Sydney: Tens of thousands of young people across Asia skipped school Friday to march through the streets, kicking off a global day of student protests aiming to spark world leaders into action on climate change.
Classrooms in capitals from Lagos to London were expected to be empty, as the ambitious organisers of the global student strike hoped to stage 1,000 demos in more than 100 countries.
Students flooded into the streets in Wellington, Sydney, Bangkok and Hong Kong carrying placards that read "There is no planet B", "You're destroying our future" and "If you don't act like adults, we will." In Delhi, one of the world's most polluted cities, around 200 students took part in a colourful protest, waving ribbons, juggling and performing stunts with hoops.
In Sydney, 18-year-old Charles Rickwood, warned that if nothing is done, Australia's famous Great Barrier Reef could be destroyed.
"Especially if current trends in the environment continue, we'll see the one, two degrees increase in our ocean then it will simply become unsustainable and we could lose the entire Great Barrier Reef," he told AFP.
Parents of students in Christchurch in New Zealand were warned not to collect them with the city on lockdown after two crowded mosques were targeted in a mass shooting.
The worldwide protests were inspired by Swedish teen activist Greta Thunberg, who camped out in front of parliament in Stockholm last year to demand action from world leaders on global warming.
"We are only seeing the beginning," tweeted Thunberg, who has been nominated for the Nobel Peace Prize for her activism.
However, the demos attracted mixed reactions from politicians.
In Australia, Education Minister Dan Tehan said the strike was "not something that we should encourage." But the budding activists received encouragement from New Zealand Prime Minister Jacinda Ardern, who said it was important for the young generation to send a message.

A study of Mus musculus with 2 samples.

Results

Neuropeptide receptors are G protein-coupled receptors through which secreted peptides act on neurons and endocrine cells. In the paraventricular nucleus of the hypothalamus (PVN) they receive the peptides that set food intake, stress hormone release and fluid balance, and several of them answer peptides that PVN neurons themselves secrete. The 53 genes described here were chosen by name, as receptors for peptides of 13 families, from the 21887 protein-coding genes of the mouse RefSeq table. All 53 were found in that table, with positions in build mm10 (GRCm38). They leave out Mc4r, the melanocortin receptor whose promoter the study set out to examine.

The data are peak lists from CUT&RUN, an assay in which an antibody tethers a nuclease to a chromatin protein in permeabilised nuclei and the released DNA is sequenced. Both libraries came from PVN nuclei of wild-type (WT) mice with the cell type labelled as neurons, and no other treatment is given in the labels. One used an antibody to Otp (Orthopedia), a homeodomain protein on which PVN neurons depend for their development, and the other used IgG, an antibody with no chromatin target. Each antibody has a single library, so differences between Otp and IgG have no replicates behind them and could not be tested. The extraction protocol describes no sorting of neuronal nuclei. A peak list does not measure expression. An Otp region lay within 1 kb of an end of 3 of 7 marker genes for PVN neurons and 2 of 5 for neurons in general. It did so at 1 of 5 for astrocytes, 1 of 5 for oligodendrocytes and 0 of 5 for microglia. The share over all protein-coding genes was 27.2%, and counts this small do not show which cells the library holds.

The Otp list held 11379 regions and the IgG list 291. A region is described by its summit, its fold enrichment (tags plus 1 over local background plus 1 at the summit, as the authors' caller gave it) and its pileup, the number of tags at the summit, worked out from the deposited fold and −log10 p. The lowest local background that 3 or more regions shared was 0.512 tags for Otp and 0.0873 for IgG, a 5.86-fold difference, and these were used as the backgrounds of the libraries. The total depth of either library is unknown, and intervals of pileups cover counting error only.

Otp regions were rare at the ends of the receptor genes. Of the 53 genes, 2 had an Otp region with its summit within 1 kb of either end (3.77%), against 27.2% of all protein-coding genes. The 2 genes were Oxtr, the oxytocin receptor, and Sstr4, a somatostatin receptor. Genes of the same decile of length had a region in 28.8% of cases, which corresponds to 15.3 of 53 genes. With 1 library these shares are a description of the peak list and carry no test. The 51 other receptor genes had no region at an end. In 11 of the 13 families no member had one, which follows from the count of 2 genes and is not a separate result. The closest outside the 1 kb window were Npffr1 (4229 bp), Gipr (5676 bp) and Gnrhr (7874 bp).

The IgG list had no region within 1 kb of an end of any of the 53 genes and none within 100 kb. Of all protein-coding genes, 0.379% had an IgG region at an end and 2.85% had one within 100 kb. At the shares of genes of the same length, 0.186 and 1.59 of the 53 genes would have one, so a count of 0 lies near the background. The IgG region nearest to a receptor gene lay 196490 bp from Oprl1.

"We hear you and we're getting on with setting a path for carbon neutrality," the 38-year-old leader said in a statement.
"Please keep bringing as many people as you can with you because we simply won't achieve our goals alone." In famously hard-working South Korea, demonstrations only began once lessons finished for the day.
"It's hard for students to skip school in order to participate in this climate strike," said organiser Jeong Juwon, 25.
"In South Korea, exam results are very important and it's a big burden, and also the unemployment crisis is at its worst." Wellington university student Josie Mason, 20, said she was "excited by the fact that youth are being heard and are making a stand right now." "They call our generation the 'slacktivists' because it's really easy to say you're going to an event on a Facebook page or like something but not really do anything," she said.
Despite 30 years of warnings about dire impacts, carbon dioxide emissions hit record levels in 2017 and again last year.
Loading the atmosphere with greenhouse gases at current rates, scientists agree, will eventually lead to an uninhabitable planet.
The Paris treaty calls for capping global warming at "well below" two degrees Celsius. The planet is currently on track to heat up by double that figure.
The UN's climate science panel warned in October that only a wholesale transformation of the global economy and consumer habits could forestall a catastrophe.
In Hong Kong, activists dressed up as polar bears and sharks to highlight the damage done to the environment by climate change.
"The main thing we want people to realise is that we are not only asking the Hong Kong government to do more, it is also people themselves who need to do more," said Zara Campion, 17, co-organiser of the strike.